Leonard Elschenbroich and Alexei Grynyuk

Concert Preview: ‘Against the Tide: Rachmaninoff & Franck’ at the Aspect Chamber Music Series

An unusual theme motivates the next concert in the Aspect Chamber Music Series, dubbed “Against the Tide: Rachmaninoff & Franck.” What do Sergei Rachmaninoff and César Franck have in common? Unlike some great composers, they were not “ahead of their time”; instead, the opposite is the case. They both wrote music that in their own time was considered uncool and old-fashioned. Yet their work has more than stood the test of time.

On April 13, cellist Leonard Elschenbroich and pianist Alexei Grynyuk will perform Rachmaninoff’s Sonata in G minor for Cello and Piano, Op. 19 and Franck’s Sonata in A major for Violin and Piano in a transcription for cello and piano. An illustrated talk by musicologist Nicholas Chong, a specialist in the music of the late Classical and Romantic eras, will shed light on the music and its composers.

British-Ukrainian pianist Alexei Grynyuk has been hailed by Gramophone for playing “of such poise and refinement that it takes on a rapt, mystical quality,” and compared to the young Vladimir Horowitz and Grigory Sokolov.

Frankfurt-born Leonard Elschenbroich, “a musician of great technical prowess, intellectual curiosity and expressive depth” (The New York Times), has released albums focusing on Russian and French repertoire, and performs regularly in a piano trio with Grynyuk and violinist Nicola Benedetti.

Violin to Cello

I asked Elschenbroich about the Franck transcription. He told me that his duo partner Grynyuk has played the Sonata many times with violinists, but never before in this version for cello, which feels, to Elschenbroich, like a different piece, and indeed organic to his instrument.

Image credit: Oren Hope via DALL-E 2

“The cello part fits into the piano very differently,” the cellist said, “and the harmonies of the piano evolve differently within the sound spectrum of the cello. I never feel like I am playing a transcription but rather approach the piece as if it were written for cello and piano originally.”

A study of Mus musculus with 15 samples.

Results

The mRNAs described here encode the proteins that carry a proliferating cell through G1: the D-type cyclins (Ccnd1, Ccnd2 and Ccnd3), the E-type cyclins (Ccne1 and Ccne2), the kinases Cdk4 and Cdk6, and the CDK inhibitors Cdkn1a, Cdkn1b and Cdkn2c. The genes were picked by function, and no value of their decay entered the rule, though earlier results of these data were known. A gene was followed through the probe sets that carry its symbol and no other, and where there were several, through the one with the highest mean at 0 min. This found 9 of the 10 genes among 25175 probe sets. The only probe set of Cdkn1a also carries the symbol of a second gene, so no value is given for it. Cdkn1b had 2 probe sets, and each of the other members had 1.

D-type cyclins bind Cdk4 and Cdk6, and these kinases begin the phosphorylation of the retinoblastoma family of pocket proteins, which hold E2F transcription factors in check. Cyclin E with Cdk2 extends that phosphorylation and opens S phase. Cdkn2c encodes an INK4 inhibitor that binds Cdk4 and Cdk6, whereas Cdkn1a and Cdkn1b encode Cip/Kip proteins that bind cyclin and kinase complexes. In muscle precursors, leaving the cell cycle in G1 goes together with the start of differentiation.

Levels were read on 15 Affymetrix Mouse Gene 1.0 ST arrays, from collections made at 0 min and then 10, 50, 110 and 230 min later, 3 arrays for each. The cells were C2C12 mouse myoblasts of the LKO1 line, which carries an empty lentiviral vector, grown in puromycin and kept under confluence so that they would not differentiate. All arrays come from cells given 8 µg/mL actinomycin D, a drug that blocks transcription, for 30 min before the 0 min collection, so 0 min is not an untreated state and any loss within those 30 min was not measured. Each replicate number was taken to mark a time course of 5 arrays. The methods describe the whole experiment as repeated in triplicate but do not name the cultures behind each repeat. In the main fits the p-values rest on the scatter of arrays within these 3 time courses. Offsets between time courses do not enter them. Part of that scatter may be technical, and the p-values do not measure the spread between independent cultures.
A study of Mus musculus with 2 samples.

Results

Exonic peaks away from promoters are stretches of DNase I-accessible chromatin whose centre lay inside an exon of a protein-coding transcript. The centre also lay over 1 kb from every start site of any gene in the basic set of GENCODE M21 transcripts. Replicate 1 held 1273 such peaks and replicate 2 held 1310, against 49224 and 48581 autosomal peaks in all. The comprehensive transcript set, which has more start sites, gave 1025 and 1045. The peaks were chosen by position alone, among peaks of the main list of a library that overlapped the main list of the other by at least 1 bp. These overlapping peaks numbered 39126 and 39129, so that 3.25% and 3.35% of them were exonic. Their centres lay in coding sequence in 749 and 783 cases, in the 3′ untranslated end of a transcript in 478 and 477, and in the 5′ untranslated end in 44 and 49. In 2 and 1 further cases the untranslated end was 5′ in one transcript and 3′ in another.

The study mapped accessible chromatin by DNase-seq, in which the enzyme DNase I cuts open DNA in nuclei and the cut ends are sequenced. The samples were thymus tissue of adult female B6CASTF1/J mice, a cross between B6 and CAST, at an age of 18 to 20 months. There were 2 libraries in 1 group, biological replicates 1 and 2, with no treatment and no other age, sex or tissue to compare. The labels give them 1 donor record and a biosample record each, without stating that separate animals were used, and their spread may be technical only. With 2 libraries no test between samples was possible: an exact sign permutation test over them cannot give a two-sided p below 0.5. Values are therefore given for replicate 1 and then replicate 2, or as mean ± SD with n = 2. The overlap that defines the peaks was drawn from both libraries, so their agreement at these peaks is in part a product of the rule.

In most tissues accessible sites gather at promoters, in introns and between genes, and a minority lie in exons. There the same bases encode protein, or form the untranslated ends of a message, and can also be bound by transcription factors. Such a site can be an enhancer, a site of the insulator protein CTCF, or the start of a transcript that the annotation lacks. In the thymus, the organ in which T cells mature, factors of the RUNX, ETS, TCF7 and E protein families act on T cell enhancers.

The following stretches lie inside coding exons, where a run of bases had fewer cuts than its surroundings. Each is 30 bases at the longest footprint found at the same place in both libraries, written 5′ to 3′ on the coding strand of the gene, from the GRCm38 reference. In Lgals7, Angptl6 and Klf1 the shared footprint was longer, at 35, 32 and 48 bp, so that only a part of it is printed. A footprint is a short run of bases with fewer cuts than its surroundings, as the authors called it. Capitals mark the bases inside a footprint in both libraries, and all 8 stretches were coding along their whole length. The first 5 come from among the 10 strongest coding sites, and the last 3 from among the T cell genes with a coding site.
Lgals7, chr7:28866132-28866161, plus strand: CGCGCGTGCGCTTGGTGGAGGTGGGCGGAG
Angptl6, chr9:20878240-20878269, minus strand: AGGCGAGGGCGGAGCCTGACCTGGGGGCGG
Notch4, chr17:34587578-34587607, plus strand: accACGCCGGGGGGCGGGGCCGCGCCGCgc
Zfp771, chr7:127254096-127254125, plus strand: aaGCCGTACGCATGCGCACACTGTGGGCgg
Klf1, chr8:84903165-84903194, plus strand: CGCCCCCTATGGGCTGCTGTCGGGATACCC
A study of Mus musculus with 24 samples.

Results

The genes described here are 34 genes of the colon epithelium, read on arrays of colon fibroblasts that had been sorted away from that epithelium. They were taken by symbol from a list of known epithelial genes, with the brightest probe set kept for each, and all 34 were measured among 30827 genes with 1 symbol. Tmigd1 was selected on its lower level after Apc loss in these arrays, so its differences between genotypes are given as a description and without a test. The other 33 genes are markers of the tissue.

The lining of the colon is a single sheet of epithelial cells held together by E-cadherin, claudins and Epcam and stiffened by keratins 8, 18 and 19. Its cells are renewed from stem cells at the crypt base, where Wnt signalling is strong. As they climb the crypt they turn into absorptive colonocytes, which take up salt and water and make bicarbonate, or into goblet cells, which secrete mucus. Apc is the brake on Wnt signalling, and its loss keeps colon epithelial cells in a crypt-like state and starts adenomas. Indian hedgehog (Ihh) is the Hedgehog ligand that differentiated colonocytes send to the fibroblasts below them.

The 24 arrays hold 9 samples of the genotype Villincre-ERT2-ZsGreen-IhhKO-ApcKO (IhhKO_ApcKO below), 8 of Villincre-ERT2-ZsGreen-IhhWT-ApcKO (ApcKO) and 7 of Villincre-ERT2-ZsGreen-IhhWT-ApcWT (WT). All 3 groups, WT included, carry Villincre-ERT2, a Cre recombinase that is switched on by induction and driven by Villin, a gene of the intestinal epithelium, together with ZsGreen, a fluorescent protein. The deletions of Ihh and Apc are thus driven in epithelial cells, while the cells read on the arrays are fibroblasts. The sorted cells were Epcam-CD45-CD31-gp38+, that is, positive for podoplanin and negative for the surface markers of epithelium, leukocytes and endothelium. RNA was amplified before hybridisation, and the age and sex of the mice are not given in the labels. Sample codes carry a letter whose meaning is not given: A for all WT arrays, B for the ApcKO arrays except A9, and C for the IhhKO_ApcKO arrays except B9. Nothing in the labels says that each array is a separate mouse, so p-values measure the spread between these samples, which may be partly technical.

Having authorized the cello version, Franck “knew the work had taken on a different life,” Elschenbroich noted.

I asked him about musical relationships over time, too. Knowing the Elschenbroich-Grynyuk duo had recorded the complete Beethoven cello sonatas, I wanted to know if Beethoven informed their approach to Brahms and Franck, or to Romantic repertoire in general.

Elschenbroich went even deeper into the question than I had hoped: “Alexei and I put on a festival last year with a title translating to something like ‘Did Beethoven learn from Brahms?’ Even though Brahms was born after Beethoven’s death, as interpreters, we cannot disavow the dialectic of a music history viewed from our current perspective.”

Time Travel

So it goes both ways. “There is a kind of folding-in of the passing of time,” the cellist said. “Beethoven necessarily influences our approach to Rachmaninoff, and even Rachmaninoff will have influenced our interpretation of Beethoven.”

What cross-currents through time will we hear on April 13 when these two remarkable young musicians bring us these two iconic works, by two composers who at one time seemed not of their own time?

“Against the Tide: Rachmaninoff & Franck” takes place April 13 at 7:30pm at Bohemian National Hall, 371 East 73 St. in New York City. Tickets and more information are available at the Aspect website.

About Jon Sobel

Jon Sobel is Publisher and Executive Editor of Blogcritics as well as lead editor of the Culture & Society section. As a writer he contributes most often to Music, where he covers classical music (old and new) and other genres, and Culture, where he reviews NYC theater. Through Oren Hope Marketing and Copywriting at http://www.orenhope.com/ you can hire him to write or edit whatever marketing or journalistic materials your heart desires. Jon also writes the blog Park Odyssey at http://parkodyssey.blogspot.com/ where he is on a mission to visit every park in New York City. He has also been a part-time working musician, including as lead singer, songwriter, and bass player for Whisperado.